A couple of examples come to mind. The expression “that’s unacceptable,” seems to carry authority beyond personal opinion. Also the word “discriminate” has lost its discriminatory ability because advocacy groups for human rights commandeered it to connote their agenda. I’m sure you can think of others.
Obviously, this has implications for both fiction and non-fiction writers. Authentic writing depends not only use of the right word and ruthless deletion of unnecessary words, but also on word order. Strunk and White admirably demonstrate this by rearranging Thomas Paine’s sentence: “These are the times that try men’s souls.” Other arrangements they suggest don’t carry the same emotional impact, but the reason is hard to define:
Times like these try men’s’ souls.
How trying it is to live in these times.
These are trying times for men’s souls
Soulwise, these are trying times.
This is where craftsmanship and art combine in the classics that we admire, but which deflate our own confidence. We doubt we will ever reach such sublime heights, yet we are continually constrained to try. Such is the nature of writing. Like life, perfection is seductive; its empty promise will never stop us trying, but always leaves us lamenting our poverty.
But we are fortunate to write in English. English and the other Germanic languages are descendants of Greek (recall the expression: “The Greeks had a word for it”?). So English has a wealth of words few other languages on earth can boast, providing every nuance necessary for effective, accurate writing. Would my passion for writing have been as dynamic without the English language? Possibly not.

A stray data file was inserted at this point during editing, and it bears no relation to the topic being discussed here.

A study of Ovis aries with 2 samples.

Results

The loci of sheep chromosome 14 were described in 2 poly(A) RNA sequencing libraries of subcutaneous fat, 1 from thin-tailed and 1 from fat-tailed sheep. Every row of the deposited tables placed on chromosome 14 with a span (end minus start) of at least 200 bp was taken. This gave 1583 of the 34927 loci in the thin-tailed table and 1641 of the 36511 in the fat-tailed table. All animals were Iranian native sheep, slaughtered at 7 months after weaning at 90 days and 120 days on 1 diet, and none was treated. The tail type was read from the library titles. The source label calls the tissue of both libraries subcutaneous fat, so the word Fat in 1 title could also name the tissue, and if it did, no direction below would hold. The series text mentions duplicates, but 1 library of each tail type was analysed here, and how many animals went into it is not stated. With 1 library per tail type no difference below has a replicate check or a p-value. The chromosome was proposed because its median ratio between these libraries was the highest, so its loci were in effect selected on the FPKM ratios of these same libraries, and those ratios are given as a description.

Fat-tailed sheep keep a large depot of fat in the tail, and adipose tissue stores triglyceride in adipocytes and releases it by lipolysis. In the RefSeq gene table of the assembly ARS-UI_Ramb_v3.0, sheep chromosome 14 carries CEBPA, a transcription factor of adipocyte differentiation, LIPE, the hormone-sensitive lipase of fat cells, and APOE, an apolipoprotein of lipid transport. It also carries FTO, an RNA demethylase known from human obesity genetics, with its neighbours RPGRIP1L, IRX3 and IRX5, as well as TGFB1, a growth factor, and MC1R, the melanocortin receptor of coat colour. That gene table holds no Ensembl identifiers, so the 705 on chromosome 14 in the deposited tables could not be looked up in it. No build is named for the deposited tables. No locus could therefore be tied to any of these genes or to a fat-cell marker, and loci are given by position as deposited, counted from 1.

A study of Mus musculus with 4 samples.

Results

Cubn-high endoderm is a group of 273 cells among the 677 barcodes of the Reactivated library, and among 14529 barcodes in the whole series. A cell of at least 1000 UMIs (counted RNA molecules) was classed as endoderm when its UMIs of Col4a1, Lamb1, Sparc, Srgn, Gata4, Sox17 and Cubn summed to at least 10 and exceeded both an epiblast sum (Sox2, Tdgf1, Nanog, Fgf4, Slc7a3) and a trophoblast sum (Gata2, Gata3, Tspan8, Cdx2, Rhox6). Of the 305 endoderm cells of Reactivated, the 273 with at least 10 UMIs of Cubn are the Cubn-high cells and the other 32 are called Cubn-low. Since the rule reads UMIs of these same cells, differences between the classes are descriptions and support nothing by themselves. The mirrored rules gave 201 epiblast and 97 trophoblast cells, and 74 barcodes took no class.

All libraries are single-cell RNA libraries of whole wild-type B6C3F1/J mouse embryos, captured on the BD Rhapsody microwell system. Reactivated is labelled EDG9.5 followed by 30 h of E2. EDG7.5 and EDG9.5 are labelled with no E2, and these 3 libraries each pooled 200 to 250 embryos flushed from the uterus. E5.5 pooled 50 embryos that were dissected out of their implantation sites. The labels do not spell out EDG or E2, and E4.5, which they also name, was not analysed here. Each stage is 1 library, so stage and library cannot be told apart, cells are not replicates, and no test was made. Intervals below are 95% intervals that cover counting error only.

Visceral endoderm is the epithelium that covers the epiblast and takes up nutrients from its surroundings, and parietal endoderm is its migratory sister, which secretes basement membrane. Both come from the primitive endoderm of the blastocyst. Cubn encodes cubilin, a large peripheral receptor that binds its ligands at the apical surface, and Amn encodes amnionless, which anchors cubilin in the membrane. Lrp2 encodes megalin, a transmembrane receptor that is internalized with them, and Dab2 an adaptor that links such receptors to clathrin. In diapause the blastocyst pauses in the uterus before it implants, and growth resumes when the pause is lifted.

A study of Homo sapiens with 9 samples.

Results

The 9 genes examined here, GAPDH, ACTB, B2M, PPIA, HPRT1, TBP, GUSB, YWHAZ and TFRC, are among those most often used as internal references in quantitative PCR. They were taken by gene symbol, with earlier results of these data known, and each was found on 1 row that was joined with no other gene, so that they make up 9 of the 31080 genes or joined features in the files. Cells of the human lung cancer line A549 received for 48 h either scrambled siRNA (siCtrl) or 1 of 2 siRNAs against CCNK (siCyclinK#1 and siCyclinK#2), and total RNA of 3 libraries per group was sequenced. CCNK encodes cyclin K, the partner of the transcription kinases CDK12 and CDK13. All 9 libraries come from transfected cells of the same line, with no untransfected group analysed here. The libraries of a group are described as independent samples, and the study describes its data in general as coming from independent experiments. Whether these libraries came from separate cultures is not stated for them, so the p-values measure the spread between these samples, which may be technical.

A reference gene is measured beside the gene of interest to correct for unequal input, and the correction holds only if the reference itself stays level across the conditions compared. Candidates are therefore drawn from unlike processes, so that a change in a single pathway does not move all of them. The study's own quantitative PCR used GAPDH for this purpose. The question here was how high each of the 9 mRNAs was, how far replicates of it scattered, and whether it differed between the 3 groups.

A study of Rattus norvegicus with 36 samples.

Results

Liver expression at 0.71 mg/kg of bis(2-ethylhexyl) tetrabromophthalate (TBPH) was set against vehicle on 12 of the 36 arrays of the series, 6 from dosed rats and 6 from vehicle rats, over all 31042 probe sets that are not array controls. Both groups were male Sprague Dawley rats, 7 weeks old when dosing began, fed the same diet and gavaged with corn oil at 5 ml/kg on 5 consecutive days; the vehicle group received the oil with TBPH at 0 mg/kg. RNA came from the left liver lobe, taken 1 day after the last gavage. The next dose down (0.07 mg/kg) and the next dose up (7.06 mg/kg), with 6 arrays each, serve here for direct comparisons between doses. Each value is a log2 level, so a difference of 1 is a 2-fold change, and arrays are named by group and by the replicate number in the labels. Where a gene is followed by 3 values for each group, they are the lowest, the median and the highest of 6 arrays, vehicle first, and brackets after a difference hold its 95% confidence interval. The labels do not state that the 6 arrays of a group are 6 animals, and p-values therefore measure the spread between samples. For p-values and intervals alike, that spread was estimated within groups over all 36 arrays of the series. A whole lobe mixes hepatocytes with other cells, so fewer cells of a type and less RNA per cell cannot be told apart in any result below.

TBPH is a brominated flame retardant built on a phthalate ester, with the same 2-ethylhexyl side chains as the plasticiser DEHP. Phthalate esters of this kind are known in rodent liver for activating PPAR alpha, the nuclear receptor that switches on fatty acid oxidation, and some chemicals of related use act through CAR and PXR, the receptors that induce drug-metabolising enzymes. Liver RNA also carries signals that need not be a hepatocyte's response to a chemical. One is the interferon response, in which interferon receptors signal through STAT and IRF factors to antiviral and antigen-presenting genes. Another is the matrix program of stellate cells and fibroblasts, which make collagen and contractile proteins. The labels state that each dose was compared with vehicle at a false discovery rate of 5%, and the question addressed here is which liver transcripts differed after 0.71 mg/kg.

However, the biblical languages have certainly enhanced it. A common response to even an elementary knowledge of Greek or Hebrew, is that it opens up the Scriptures afresh. In the Old Testament, for instance, the Hebrew faith formed part of the everyday Hebrew language. Thus, it was not possible to differentiate physical life from the spiritual. The connotations of God’s love and faithfulness were in every expression of love and faithfulness between humans.
In the New Testament, the Greek language had every word necessary to transmit the Christian faith. What is even more remarkable, the Holy Spirit used the “Dick and Jane” Greek of John’s Gospel to communicate sublime truths of the faith as effectively as the classic Greek used by the author of Hebrews. Furthermore, Paul took words from the Greek language and infused them with Christian truth providing “crossover” meanings to aid evangelism in his day.
If I have understood the depth of God’s love and actions for me in procuring salvation, it has been the meaning built in to various words critical to the Christian faith. The Australian theologian, Leon Morris, in his book, The Apostolic Preaching of the Cross, researched the words: redemption, covenant, blood, propitiation, reconciliation and justification from the original languages. His work gave me a depth of understanding that drew me into a clearer and deeper permanency of my relationship to Jesus Christ, and greater assurance of my eternal security in God’s provision.
It is no accident that God has communicated to us by the written word. Not only does it provide a permanent record of God’s care for His people, it does so in a way that is relevant to every generation. His gift of writing for me and those He called into this ministry is simply an extension of His desire to communicate His love beyond ourselves.